No doubt, among the most influential Christian leaders who ever lived was the amazing John Wesley who, along with his brother, Charles, “founded the Methodist movement within the Church of England.” And John Wesley writes simply, “I learned more about Christianity from my mother than from all the theologians in England.”
If you read even a little about Susanna Wesley, you’ll get a picture of an incredible lady of faith. The quality of Susanna’s and John’s relationship is portrayed particularly beautifully in the letters they wrote each to the other, some of which have survived.
Susannah was the 25th of 25 children, and she gave birth to 19 of her own, 10 of which survived infancy. She not only gave her children physical life, she led them to spiritual life in Christ and, in the process, touched, and continues to touch millions.
“There are two things to do about the gospel,” Susanna Wesley wrote. “Believe it and behave it.”
She had no doubt about the importance of the role and responsibility of parents in training their children. “Subduing the will” of the child was a gift of love meant to make present and eternal blessing for the child (and those whose lives intersected the child’s) real and possible. She refused to let her children grow up stunted, living undisciplined lives, crippled and chained by their own selfish and shifting passions. “The child that never learns to obey his parents in the home will not obey God or man out of the home.” Susanna “believed that for a child to grow into a self-disciplined adult, he/she must first be a parent-disciplined child.”
In the Wesley home, the task of teaching and raising the children fell almost completely to Susanna as her husband, Samuel, to put it charitably, lived with his head in the clouds, was often away, and was much less than helpful. An internet search will quickly lead you to Susanna’s “16 Rules of Parenthood.” With only minor differences in detail, they could easily have been written by my own mother. Most striking to me is the combination of her deep love for her children coupled with high standards. She loved her Lord and knew that freedom and blessing were found in submitting to him. She would require their obedience, even as she would never be stingy with her love. (My mother, for sure!)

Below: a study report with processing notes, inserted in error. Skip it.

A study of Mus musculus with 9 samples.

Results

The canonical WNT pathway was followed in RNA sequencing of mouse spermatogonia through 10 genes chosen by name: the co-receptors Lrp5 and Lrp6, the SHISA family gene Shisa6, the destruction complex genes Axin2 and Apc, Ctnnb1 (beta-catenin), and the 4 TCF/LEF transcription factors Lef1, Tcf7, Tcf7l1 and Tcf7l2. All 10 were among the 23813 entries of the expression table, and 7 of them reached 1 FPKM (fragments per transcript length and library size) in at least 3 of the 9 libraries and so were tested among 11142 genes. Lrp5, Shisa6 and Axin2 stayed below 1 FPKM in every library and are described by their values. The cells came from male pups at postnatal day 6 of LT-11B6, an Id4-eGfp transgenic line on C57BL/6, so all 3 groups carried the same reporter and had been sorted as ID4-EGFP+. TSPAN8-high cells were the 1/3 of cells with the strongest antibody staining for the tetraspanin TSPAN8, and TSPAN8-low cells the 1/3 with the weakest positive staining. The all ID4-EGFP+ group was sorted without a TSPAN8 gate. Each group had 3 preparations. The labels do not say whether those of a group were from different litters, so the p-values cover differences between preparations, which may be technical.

Lying was not tolerated, and, to reinforce truth-telling, she would “punish no fault” which was “first confessed and repented of.” She would “never allow a sinful act to go unpunished,” but she would “never punish a child twice for a single offense.”
She tried her best to be completely fair. I get the feeling that she intuitively knew the truth that James Dobson would write about many years later: A wise parent knows the difference between childish irresponsibility (dealt with patiently) and willful defiance (which a wise and loving parent will punish swiftly and decisively, to the great benefit of all). The children were to know that (what we’d call) spanking was more than theoretically possible.
No eating between meals, she said. No fussing about taking medicine. Children were to be in bed by 8:00 p.m. (and, she mentions elsewhere, they were expected to be able to go to sleep on their own).
No child was ever to receive anything it “cried for” or requested impolitely. “Property rights” were inviolable. (You don’t mess with other people’s stuff!) Both child and parent were to “strictly observe all promises.” The children were taught to pray as soon as they could speak, and they were expected to be “still during family worship.”
Her “rules” make it clear that, far ahead of her time, Susanna gave the education of the girls the same priority as the education of the boys, and that, though she was strict, she required herself to “comment and reward good behavior.”
Susanna expected and required much of her children, but all of her discipline of them was meant to be fair and just and to allow them to grow “capable of being governed by reason and piety.” She loved them fiercely and, as they certainly came to realize, required more of herself than she did of them. What an incredibly wise and devoted woman!
I can’t imagine how my mother spent so much time with Susanna Wesley, but it certainly seems that she did.
You’re invited to visit my website, and I hope you’ll take a look there at my new “Focus on Faith” Podcast. At the website, just click on “Podcast.” Blessings!
Copyright 2023 by Curtis K. Shelburne. Permission to copy without altering text or for monetary gain is hereby granted subject to inclusion of this copyright notice.